Wednesday, March 19, 2014

Water District will conduct cost of service study during summer

May consider rate increase following study

J-E News Editor
Concerns over rising electric rates were the biggest concern of the Webster County Water District at it’s monthly meeting, held last Thursday morning in Dixon.
District superintendent Paul Lashbrook told the board that over the last three months they have received bills from Kenergy for $7,001, $9,730 and $12,800.
“A lot of that has to do with the electric rate increase,” he said. “We’ve also had uncommonly cold weather, which had a little to do with it too.”
Lashbrook cautioned the board that the $12,800 bill from February might not be the highest, saying that the bills often ran a month behind.
“We’ve been doing a lot of research on the cost of producing water,” he said. He said assistant superintendent Robert Schindley has been feeding data on expenses and salaries and feeding them into a computer program. “It came to about $2.00 per 1,000 gallons of water produced.”
Lashbrook’s suggestion to the board was that they bring in a professional to do a cost of service study. That study could identify areas where the district could be losing funds, helping them to tighten up their expenditures.
“I’m sure they’ll suggest that we should raise the rates, and I’m sure we should,” he said, pointing out that the water district had not increased rates since April of 1999. “None of us wants to raise rates, but we have an obligation to keep the water district financially solid. I’m not saying we are going to go broke tomorrow, but stuff is starting to break and wear out on us.”
After some discussion with the board members, it was decided that the cost of service study should wait until after the Public Service Commission (PSC) makes a decision on another rate increase request filed by Big Rivers, the company that supplies Kenergy with electricity.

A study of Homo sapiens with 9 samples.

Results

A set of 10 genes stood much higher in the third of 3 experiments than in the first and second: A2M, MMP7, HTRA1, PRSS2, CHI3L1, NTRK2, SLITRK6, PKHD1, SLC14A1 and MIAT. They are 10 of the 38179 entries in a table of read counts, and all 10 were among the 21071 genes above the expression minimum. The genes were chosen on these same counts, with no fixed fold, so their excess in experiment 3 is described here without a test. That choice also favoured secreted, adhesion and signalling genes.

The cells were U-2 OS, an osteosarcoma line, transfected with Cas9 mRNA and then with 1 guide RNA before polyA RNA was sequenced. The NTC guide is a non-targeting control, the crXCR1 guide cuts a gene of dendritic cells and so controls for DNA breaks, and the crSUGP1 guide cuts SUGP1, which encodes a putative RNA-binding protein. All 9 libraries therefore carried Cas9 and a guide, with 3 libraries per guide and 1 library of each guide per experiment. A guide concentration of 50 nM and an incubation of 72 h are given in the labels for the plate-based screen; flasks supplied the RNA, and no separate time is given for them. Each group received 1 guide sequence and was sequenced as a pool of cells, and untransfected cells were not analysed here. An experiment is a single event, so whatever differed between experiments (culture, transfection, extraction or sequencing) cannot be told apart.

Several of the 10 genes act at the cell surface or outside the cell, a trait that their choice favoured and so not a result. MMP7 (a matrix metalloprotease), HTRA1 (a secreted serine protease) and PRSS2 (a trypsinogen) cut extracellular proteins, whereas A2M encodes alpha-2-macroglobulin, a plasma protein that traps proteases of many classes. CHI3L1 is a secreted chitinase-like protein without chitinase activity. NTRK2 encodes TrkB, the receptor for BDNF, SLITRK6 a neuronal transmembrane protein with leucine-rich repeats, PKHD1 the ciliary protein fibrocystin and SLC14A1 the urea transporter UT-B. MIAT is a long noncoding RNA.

The board will consider having the study done sometime in mid-summer.
In other business, board members decided not to change the district’s policy on water turn ons. Currently when water is restored to a structure, the worker who turns the service back on will stay with the meter until it stops running.
At last month’s meeting the board discussed changing the current policy to require that the property owner or some other representative be in the home to sign a waiver form before service was restored. The concern was that if the service had been shut off to allow some plumbing work to be done, those lines might start to leak when filled with water. If no one was home it could flood the entire house, leaving the county open to some liability.
“This would open up a whole new ball game for us,” said Schindley. “I think it would cost us a whole lot more down the road.”
He said that under the new policy, district employees would be forced to work on the customer’s schedule. This could lead to lots of down time and even over time.
Lashbrook said that he spoke with several other districts, and everyone had the same policy that is currently on the books for Webster County. Apparently the service contract signed by customers when they start their initial service releases the district from liability in such cases.
It was reported that the county had finally received all bills for damage caused to pumps at the Green River water intake last month when an unknown shooter destroyed a transformer. After being shot the transformer blew, causing two of the intake motors to burnout.
The final cost was between $20,000-$21,000. Lashbrook expects the districts insurance to cover all but their $1,000 deductible.
Finally, board members voted to purchase a new service two-wheel drive service truck. They will pay $20,070 for a new 2X4 1/2 ton Dodge Ram, which is expected to arrive in about six weeks.
All but $70 of this purchase was included in the yearly budget.